David Cameron faces 'difficult' task on EU budget


The Prime Minister, who has been calling for a freeze or even a cut in the £107 billion budget, is now focused on just reducing the rise from almost 6%.

British officials accept that the budget will go up by at least 2.9%, pointing to the fact that most other EU nations are pressing for an increase because they stand to benefit.

Mr Cameron last night launched a diplomatic offensive on the eve of today's summit of EU heads of government in Brussels, where budget discussions will dominate side-meetings.

He spoke to German chancellor Angela Merkel and French president Nicolas Sarkozy via telephone in a bid to piece together a coalition to oppose the 5.9% proposal.

That has been backed by the elected European Parliament and the executive European Commission.

The European Council, consisting of EU ministers, has agreed to pursue a 2.9% rise in a decision reached via qualified majority voting (QMV). The UK's objections were overwhelmed.

Mr Cameron's spokesman said today: "Our focus is on preventing the 6% proposal which is supported by the European Parliament and the Commission from going ahead.

"In an ideal world we think the budget should be frozen or reduced but you need to remember that the majority of countries are net recipients of this budget, not net contributors, it's something that's dealt with by QMV.

"This is going to be difficult.

"Two European institutions, the parliament and the commission, both support 6% and then you have got the council, and most countries around that table are net recipients of this budget.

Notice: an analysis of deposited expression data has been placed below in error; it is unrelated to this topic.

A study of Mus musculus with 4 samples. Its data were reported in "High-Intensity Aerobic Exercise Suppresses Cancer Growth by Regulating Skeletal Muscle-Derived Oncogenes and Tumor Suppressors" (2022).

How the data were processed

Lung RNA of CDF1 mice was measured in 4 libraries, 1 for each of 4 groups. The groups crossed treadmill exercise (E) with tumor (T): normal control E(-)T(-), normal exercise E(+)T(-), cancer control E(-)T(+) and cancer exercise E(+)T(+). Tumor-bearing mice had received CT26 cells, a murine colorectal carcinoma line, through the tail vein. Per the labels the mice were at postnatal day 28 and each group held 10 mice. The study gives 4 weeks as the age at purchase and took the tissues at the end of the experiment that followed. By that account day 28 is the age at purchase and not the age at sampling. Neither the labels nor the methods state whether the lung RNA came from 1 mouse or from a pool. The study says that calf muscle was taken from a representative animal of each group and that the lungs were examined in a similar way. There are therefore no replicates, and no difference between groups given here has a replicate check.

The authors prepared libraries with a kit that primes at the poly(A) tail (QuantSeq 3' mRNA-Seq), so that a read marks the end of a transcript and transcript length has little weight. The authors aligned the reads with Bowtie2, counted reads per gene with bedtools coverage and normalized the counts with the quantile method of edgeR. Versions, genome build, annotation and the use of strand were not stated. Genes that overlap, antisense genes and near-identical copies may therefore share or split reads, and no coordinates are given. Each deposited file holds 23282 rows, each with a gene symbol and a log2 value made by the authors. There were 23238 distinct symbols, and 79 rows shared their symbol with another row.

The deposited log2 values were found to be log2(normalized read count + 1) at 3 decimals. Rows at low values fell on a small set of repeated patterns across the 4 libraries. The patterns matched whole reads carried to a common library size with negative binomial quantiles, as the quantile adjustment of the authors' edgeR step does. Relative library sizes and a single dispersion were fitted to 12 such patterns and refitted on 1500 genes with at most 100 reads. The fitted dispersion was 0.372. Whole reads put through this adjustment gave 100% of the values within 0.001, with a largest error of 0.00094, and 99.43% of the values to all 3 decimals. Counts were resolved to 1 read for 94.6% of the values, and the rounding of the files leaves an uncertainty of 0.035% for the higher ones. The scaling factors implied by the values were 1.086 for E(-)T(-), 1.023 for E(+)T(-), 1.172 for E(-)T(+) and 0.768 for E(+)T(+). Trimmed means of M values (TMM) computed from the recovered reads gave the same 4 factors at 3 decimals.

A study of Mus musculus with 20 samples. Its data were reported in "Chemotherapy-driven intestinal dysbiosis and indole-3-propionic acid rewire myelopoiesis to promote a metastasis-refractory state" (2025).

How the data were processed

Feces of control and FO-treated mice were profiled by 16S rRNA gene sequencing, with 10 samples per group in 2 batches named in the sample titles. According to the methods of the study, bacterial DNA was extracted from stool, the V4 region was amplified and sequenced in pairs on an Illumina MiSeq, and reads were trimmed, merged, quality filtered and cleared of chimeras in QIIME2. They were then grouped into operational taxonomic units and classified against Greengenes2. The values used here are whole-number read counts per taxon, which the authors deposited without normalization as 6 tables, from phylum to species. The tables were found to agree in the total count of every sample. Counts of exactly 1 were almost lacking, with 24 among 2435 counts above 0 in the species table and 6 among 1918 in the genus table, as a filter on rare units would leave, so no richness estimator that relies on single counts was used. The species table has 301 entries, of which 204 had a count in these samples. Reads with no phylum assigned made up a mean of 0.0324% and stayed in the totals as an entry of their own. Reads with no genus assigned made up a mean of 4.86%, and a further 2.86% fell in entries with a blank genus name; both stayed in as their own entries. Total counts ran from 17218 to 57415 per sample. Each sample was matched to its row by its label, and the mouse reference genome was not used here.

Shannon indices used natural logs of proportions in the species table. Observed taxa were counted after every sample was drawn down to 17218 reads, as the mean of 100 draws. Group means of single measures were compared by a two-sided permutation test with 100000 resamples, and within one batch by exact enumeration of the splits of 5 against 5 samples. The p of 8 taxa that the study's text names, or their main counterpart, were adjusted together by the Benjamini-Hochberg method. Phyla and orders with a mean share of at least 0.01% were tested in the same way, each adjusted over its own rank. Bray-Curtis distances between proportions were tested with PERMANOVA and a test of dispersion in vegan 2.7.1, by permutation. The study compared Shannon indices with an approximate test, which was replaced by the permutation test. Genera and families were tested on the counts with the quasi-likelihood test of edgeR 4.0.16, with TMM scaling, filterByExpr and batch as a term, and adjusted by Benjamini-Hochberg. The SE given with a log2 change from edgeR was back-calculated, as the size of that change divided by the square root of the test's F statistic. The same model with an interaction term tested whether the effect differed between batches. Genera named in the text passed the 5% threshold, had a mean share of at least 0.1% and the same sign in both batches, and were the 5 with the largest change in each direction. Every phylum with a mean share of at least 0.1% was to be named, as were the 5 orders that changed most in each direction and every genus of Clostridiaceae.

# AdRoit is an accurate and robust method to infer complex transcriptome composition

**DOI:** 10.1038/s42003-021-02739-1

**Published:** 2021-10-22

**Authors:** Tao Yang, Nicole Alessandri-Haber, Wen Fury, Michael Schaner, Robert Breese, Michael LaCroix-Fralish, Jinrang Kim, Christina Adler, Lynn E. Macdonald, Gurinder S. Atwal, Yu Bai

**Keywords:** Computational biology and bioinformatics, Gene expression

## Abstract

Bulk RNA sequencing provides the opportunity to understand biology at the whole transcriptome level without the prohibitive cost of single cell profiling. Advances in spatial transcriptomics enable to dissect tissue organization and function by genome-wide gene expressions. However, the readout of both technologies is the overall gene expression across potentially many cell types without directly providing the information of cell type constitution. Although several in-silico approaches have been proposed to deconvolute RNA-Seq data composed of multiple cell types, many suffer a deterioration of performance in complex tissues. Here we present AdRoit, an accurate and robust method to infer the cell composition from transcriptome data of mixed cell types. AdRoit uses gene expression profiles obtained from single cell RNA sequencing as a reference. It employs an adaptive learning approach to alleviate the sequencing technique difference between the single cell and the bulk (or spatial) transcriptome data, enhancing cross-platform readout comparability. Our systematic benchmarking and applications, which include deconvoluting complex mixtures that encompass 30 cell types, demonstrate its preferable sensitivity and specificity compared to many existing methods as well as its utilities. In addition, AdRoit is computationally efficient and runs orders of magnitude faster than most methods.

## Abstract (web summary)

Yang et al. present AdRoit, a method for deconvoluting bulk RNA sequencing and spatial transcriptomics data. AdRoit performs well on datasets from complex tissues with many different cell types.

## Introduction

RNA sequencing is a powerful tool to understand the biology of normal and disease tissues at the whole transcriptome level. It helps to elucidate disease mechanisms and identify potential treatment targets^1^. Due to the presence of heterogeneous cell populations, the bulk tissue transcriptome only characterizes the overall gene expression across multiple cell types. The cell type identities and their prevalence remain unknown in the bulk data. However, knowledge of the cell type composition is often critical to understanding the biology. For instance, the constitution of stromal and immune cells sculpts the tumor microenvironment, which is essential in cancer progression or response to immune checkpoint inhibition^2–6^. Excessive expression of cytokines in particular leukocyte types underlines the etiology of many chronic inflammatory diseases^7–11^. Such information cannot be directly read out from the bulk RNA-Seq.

"So it's going to be difficult but we are focused on getting it down below 6%."

Agreeing to a 2.9% increase in the budget - which is likely to cost the UK another £435 million a year - will anger Tory eurosceptics who want a freeze or a cut.

Labour too has accused the Government of failing to stand up for British interests.

Mr Cameron will press his message on Berlin and Paris - the two leading EU power-brokers - in further meetings with their leaders after this week's summit.

Ms Merkel is to visit the Prime Minister at his country retreat of Chequers on Saturday, when they will have talks over dinner together in the evening.

Mr Sarkozy is to attend an Anglo-French summit in London next Tuesday.

The budget negotiations for 2011 are seen in Whitehall as a crucial starting point in ensuring that the longer-term "financial perspective" for 2014/2020 is kept down to a minimum.

European Commission President Jose Manuel Barroso hit out against changing the Lisbon Treaty today, warning that anything that reduced member states' rights would never be accepted.

"I think we should not put process ahead of substance. So what is the substance of Treaty change?" he said hours before the summit started.

"If Treaty change is to reduce the rights of member states on voting, I find it unacceptable and frankly speaking it is not realistic.

"It is incompatible with the idea of limited Treaty change and it will never be accepted by the unanimity of member states. And as you know a Treaty change requires unanimity."

Mr Barroso went on: "If Treaty change is to address the issue of the economic and financial crisis response, we have to discuss what are the ideas. For its part the Commission is focused on the substance and what can be the ways of creating some kind of mechanism. We are focusing on substance rather than on process."